Cunningham had the lowest-scoring debut for a top overall pick since Anthony Bennett, putting up just two points on 1-of-8 shooting from the field against the Orlando Magic. It didn’t get much better over the next few games. He went 7 of 39 from the field in his first three games, to record the worst shooting percentage of any rookie with at least 30 attempts through three games since the NBA/ABA merger in 1976. 

Sure, that’s a fairly specific set of numbers, but it makes the point clear. This being the year 2021 and social media being social media, it led to some outlandish criticism. So much so that Cunningham admits he was hearing the noise. Via his rookie diary in The Undefeated:

I didn’t pay too much attention to what was being said after I had a slow start. I wasn’t going to let it beat me up or change my way of thinking. But I definitely knew what was being said, and I tried to move accordingly. I feel like somebody would be a liar if they said they didn’t know what was being spoken of them. But at the same time, I’m not basing how I think off these other people’s opinions from the outside. I’m the kind of person that every day is going to get better, and I think that’s why I had a quick turnaround.

A lot of people were trying to say I was a bust. I thought that was pretty funny in my eyes. That’s something I took note of. Like: ‘All right. Well, we’ll have to see about it.’ That caught my eye. I wasn’t doing no tripping. I’m not going to say I respected that, but I definitely heard it.

Just like Cunningham himself, most serious analysts and fans of the game were never actually concerned. And since that slow start he’s shown why he was the consensus No. 1 pick for months leading up to the draft. 

Over his last seven games, Cunningham is averaging 16 points, 6.7 rebounds, 5.7 assists and 1.9 steals per game. And while his shooting is still a bit underwhelming — 41.1 percent from the field and 30.9 percent from 3-point land — it’s vastly improved from his first few games.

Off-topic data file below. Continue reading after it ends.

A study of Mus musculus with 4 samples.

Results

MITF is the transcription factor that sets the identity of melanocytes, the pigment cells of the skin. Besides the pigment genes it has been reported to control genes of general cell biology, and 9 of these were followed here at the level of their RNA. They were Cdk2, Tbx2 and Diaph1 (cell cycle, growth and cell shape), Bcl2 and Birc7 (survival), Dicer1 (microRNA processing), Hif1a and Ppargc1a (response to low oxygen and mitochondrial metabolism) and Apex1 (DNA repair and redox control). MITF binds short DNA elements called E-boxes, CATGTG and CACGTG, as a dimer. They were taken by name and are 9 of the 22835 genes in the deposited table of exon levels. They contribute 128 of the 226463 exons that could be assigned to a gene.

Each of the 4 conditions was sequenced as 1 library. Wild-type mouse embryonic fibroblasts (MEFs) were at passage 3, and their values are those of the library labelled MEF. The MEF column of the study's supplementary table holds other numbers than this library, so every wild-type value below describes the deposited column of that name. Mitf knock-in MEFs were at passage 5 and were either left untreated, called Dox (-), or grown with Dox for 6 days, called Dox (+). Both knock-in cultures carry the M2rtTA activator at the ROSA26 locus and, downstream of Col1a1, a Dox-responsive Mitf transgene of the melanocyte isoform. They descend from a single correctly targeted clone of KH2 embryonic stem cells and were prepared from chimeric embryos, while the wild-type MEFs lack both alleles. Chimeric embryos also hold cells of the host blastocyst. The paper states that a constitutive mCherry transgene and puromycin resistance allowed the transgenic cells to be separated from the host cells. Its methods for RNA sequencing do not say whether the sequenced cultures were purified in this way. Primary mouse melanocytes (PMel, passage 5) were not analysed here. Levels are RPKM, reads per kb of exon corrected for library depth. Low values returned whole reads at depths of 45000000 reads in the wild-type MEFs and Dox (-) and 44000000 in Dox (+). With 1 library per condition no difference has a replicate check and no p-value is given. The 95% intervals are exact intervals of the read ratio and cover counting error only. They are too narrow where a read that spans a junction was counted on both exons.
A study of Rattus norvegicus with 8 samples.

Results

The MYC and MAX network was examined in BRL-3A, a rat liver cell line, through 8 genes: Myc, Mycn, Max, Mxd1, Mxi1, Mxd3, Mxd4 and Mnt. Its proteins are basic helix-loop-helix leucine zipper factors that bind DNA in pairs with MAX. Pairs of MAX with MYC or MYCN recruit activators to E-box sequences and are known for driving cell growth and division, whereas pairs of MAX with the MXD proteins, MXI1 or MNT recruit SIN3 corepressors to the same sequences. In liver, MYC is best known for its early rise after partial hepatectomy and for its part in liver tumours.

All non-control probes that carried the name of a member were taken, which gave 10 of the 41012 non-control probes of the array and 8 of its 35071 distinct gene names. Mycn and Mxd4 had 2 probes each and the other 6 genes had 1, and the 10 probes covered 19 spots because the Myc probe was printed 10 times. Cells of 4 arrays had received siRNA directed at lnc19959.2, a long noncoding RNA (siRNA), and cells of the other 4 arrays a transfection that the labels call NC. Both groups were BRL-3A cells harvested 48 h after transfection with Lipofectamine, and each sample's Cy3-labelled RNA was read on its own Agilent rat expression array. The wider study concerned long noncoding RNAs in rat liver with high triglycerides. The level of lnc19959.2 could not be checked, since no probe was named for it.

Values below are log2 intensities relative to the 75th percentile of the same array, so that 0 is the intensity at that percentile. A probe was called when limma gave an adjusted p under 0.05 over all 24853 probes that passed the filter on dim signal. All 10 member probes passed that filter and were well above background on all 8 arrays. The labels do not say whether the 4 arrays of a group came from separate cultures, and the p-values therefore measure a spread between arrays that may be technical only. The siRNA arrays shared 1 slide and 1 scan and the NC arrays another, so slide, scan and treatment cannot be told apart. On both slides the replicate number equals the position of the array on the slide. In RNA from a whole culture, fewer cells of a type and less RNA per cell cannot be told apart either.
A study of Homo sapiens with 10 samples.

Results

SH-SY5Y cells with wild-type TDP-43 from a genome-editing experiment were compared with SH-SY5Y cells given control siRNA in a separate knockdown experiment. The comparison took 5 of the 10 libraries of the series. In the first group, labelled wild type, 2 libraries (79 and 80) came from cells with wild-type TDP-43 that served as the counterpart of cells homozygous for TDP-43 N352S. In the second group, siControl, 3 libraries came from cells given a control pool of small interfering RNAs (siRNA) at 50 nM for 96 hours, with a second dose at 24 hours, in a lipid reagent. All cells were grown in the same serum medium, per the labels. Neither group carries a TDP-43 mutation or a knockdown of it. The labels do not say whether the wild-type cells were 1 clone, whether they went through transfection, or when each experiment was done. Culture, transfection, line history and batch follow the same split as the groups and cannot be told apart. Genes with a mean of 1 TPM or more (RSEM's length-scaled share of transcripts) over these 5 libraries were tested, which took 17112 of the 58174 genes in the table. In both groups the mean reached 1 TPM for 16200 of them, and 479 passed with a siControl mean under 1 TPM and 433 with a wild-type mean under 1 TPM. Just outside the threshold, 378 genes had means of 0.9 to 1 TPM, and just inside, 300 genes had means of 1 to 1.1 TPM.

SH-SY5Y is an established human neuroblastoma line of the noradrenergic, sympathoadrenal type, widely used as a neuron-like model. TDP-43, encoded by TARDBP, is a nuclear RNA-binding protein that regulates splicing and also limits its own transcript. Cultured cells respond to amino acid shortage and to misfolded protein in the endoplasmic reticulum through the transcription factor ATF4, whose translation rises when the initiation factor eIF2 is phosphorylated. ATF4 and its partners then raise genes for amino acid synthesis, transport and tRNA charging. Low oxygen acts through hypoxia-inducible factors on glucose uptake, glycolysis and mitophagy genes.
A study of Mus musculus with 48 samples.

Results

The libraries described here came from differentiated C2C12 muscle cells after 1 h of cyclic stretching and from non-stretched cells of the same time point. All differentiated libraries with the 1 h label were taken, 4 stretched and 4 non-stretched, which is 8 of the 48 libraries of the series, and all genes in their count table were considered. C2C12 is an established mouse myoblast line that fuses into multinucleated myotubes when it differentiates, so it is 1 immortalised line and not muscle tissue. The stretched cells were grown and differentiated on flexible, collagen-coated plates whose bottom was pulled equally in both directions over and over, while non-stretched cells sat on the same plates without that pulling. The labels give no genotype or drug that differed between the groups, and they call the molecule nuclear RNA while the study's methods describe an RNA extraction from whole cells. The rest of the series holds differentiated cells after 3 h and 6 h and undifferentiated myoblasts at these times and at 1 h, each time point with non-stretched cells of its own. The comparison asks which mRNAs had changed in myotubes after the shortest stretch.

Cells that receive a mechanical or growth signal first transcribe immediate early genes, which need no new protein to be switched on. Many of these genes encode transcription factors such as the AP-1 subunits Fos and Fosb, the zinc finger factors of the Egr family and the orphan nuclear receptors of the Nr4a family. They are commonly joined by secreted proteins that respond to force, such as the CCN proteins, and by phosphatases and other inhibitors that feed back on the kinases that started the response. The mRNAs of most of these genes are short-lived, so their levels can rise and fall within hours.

During that stretch he’s also made history by becoming the youngest player in NBA history to have a game with 25 points, eight rebounds, eight assists and five made 3s. Later on, he went for 13 points, 12 rebounds and 10 assists in that dramatic game against the Los Angeles Lakers to become the youngest player in Pistons history to record a triple-double. 

Cunningham was the first pick because of his ability to impact the game in every single area, while also making those around him better. That’s why his slow shooting start was never a big deal, and why he’s going to have a long and successful career in the league. 

Through the first month of the season he’s fourth in scoring, fourth in rebounding, second in assists and first in steals among all rookies. Meanwhile, the Pistons are 0-5 without him and 4-7 when he’s in the lineup. And that’s without even playing all that well early on. Just imagine how it will look when he really gets going.